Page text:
364 Interactions, 4 today
The much-discussed conflict between Bitfinex and Tether has now come to an end; the parties have reached a settlement. The deal resulted in both iFinex and Tether promising to pay $18.5 million in fines. Crypto companies, however, have acknowledged no wrongdoing, but are now obliged to stop trading in New York. In addition to mandating firms to follow a range of ‘increase accountability’ procedures, Letitia James of NYAG stated:
“Bitfinex and Tether recklessly and unlawfully covered-up massive financial losses to keep their scheme going and protect their bottom lines.
Today’s agreement requires Bitfinex and Tether to discontinue any trading activity with New Yorkers. In addition, these companies must submit regular reports to the OAG to ensure compliance with this prohibition.”
The firm’s legal representative, Charles Michael, replied that “after two and a half years of investigation,” the conclusions of the regulators were limited to “the nature and timing of certain disclosures.”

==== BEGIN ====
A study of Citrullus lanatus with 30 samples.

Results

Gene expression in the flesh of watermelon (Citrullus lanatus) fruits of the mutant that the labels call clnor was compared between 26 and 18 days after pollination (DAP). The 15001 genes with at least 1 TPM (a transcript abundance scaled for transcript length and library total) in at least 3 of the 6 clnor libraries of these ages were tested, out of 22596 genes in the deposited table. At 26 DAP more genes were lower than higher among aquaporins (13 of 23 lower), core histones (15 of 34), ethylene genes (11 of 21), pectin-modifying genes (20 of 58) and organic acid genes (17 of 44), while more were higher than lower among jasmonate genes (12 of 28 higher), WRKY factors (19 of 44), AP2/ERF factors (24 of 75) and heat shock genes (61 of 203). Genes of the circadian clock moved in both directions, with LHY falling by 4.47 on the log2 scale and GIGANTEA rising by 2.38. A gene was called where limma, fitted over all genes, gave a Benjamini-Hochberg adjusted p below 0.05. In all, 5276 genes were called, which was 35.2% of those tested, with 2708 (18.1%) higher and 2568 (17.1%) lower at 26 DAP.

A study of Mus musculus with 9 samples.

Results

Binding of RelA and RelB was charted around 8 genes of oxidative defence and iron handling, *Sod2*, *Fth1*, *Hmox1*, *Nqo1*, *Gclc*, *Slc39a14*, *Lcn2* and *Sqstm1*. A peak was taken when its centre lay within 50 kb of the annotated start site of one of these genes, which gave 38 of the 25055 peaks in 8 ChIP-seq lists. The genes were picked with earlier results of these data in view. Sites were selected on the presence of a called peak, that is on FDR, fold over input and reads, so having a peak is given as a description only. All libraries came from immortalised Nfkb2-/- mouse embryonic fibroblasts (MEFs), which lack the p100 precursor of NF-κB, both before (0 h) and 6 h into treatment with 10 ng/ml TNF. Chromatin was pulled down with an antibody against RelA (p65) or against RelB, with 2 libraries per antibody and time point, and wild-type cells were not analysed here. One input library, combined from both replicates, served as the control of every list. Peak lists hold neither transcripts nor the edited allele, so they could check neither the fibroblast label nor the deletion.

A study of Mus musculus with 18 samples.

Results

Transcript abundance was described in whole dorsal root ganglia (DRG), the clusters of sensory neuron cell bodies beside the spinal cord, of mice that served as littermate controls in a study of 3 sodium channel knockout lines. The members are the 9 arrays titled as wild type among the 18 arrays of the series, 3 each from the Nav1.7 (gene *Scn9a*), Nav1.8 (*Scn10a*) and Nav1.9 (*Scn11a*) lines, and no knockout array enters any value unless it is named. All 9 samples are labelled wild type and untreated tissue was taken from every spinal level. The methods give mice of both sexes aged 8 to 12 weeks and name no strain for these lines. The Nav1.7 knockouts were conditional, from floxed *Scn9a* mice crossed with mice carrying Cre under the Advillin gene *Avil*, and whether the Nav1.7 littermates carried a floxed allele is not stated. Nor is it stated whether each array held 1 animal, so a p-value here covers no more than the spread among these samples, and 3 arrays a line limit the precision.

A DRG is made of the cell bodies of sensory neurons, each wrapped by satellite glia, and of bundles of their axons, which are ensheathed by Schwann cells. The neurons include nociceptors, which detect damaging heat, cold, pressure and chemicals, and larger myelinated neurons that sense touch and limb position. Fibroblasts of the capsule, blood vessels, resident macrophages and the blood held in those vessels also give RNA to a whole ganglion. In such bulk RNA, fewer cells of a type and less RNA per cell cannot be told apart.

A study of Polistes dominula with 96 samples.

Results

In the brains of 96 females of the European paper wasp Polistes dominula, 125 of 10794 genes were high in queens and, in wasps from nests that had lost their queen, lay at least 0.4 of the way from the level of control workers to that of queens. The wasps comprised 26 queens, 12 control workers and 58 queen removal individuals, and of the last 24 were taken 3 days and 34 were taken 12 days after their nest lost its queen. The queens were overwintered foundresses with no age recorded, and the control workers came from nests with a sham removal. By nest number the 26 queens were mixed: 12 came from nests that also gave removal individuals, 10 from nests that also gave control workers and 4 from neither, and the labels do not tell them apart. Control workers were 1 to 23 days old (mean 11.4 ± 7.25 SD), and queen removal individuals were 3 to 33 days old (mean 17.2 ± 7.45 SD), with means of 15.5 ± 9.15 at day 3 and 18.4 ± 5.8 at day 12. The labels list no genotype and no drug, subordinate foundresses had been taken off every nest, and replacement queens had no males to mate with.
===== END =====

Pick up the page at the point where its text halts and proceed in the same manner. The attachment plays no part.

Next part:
And contrary to online speculation, there was no finding that Tether ever issued tethers without backing, or to manipulate crypto prices.
He also said that this deal also “resolves public disclosure claims” about Tether’s loan to Bitfinex.
In 2018, the U.S. Department of Justice accused iFinex, owner of Bitfinex Exchange, of using a $750 million loan to exploit losses. At the same time, DoJ reported that Tether was printing his stablecoin without full backing. As of last year, regulators have asked both crypto companies to hand over the case-related documents to NYAG. Many in space followed closely the event, which at times created a USDt-associated FUD setting.
On 6 February, Bitfinex repaid a $750 million loan to Tether, cancelling the $900 million credit line between iFinex Inc and the stablecoin issuer.
As part of the settlement, NYAG required that businesses should reveal core business operations and report on the “segregation of corporate and client accounts” on a quarterly basis, including the segregation of government-issued and crypto trading accounts by company executives.
Tether must also publicly reveal the properties underpinning the stablecoin. These reports include, among other mandatory reporting provisions, any “loans or receivables to or from affiliated entities” such as:
“The companies will also provide greater transparency and mandatory reporting regarding the use of non-bank “payment processors” or other entities used to transmit client funds.”
Indicating their approval of the conditions, the General Counsel of Bitfinex and Tether, Stuart Hoegner, said that the settlement amounted to “a measure of our desire to put this matter behind us and to focus on our business.”